We often suffer from ‘TRBL hearing’ in our house. It’s not that Timothy’s hearing is bad. In fact, although we worried for the first year and a half of his life about his hearing, recent tests confirmed that his hearing is good and that we’d better be more careful about what we say around him.
But ‘TRBL hearing’ comes and goes like a weather pattern. It occurs when you’re holding Timothy and he’s making noise. Whether T’s babbling or crying, it’s rarely a low volume, and it has the effect of blocking out the world. It’s like standing on an airport tarmac next to a jumbo jet or wearing those noise cancelling headphones. You cannot hear a thing. Many times has Laura been three feet away while I was holding a noise making Timothy, and I might as well be working a jackhammer. I just point to Timothy and shout that I’ll be happy to talk as soon as Timothy finishes his rant.
Timothy has mastered the concept of ‘in’. He enjoys putting things into larger containers, like putting wooden blocks in a bin, and then later taking them out. We have often said, “Timothy, can you put that block in the box?” and he throws down the block in the box like Kevin Garnett dunking a basketball and then we cheer and he raises both arms as if he’s just beaten the Miami Heat. We’re hoping that this ‘in’ skill bodes well for him to clean up his toys and keep his room clean. Or maybe wishful thinking…
This morning in church, Timothy had a chance to work the ‘in’ muscles. When the collection basket came around to us, I gave Timothy a $5 bill to put into the basket. As the usher reached our row and held out the basket, Timothy was an old pro and placed his monied hand above the collection. Maybe for dramatic effect, he didn’t drop the money in right away. No problem. I shook his hand a little, but Timo had no intention of letting go of Abe Lincoln. So I looked up and smiled at the usher and yanked the fiver from TRBL’s unwilling hand and dropped it into the basket.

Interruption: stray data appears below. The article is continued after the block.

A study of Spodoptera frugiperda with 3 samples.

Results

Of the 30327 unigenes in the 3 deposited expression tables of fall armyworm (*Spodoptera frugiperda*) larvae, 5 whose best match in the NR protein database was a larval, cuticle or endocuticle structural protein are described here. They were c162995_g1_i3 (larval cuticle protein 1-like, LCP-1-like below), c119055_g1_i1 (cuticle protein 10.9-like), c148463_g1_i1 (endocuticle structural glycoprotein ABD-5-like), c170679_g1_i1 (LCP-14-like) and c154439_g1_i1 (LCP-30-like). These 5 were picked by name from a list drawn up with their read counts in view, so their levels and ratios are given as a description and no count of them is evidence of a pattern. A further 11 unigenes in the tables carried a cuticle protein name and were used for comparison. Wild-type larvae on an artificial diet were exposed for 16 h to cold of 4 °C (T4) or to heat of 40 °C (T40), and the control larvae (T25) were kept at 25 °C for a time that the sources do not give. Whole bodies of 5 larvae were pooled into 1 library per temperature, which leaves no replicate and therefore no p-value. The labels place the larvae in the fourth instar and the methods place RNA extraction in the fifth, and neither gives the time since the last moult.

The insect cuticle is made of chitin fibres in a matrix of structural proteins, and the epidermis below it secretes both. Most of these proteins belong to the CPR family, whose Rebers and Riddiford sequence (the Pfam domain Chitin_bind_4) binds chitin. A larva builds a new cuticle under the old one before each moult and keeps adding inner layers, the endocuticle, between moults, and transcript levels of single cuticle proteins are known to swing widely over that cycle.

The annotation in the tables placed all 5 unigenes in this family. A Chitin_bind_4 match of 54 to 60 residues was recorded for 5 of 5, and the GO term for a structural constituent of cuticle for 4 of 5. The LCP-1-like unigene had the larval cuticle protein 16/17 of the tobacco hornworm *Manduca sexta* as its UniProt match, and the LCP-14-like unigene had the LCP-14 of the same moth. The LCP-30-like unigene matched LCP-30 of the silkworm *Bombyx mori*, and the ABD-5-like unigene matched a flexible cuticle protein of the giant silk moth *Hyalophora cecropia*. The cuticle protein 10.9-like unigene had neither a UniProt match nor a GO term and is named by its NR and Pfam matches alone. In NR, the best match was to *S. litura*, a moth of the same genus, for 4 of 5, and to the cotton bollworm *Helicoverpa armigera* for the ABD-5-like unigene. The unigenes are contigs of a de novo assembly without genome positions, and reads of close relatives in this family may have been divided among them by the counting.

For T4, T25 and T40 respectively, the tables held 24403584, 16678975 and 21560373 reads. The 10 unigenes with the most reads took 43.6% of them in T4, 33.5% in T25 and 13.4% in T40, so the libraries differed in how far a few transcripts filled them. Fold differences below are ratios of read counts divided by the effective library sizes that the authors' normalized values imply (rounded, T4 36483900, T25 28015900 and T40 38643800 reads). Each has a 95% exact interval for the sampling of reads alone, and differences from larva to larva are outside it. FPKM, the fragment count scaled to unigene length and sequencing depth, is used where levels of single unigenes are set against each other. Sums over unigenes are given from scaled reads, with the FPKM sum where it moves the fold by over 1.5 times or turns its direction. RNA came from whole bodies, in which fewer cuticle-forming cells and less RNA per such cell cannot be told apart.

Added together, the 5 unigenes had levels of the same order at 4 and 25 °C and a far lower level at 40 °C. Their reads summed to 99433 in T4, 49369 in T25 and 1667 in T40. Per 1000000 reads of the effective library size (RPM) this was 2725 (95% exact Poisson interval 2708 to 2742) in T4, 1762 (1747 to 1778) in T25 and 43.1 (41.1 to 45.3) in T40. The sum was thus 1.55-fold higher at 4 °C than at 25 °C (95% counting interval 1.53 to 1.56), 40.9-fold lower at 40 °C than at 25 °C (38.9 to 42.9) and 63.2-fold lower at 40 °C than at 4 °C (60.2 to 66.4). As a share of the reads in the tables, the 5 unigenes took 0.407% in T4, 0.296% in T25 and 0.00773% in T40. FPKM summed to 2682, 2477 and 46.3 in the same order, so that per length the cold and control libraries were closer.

I’m not sure if it’s a reflection on his stubbornness or us not learning, but there was a second collection this morning, and I gave Timothy a few bucks and he once again tried to play keep away with God’s money.
At least he’s consistent.
At the same mass this morning, I was holding him, and he leaned to one side and waved to the people in the pews behind us. When the seated Catholics failed to respond to his gestures, Timothy exhibited the classic Lee trait of being unable or unwilling to take a hint. Instead of giving up, he just waved harder and more frantically, until I decided that it would be better for he and I to take a stroll to the back of the church before an usher requested such an exit.
The way that a person signs ‘please’ (in sign language) is to flatten their hand and rub it back and forth at the top of their chest. It’s a neat sign and looks like the person is touching their heart as they appeal to you. It’s fun to see Timothy signing ‘more please’ when he wants more to eat. But all I can say is that this beautiful sign of ‘please’, in the hands of a little boy whose paws are covered in the tomato sauce he’s just eaten, just means one more dirty shirt.
Last week was the funeral for an amazing friend. I was fortunate to meet Lt. Col Mark Weber last year when I joined Outward Bound. Doctors gave Mark just a few months to live back in 2010 when he was diagnosed with cancer (during a physical exam to work with General Petraeus in Iraq).
Mark was a person of action, and was so inspired by the Outward Bound course he took that he had trained to become one of our instructors, helping military veterans.
In his last few months, Mark reached millions of people with his story through his book (Tell My Sons) and national and local appearances. But even as he was flying around the country (and one last time to Iraq), fighting a terminal disease and preparing his family for his eventual passing, Mark insisted on keeping regular commitments that he had made to us at Outward Bound to speak to small groups of students.
Mark not only gave us a real example of courage and positive attitude in the face of great adversity, he also insisted than any of us could do the same thing.
I pray for Mark’s wife, Kristin, and their three boys, Matthew, Joshua and Noah. And I am so grateful for what he taught me and that I had the good fortune to know Mark.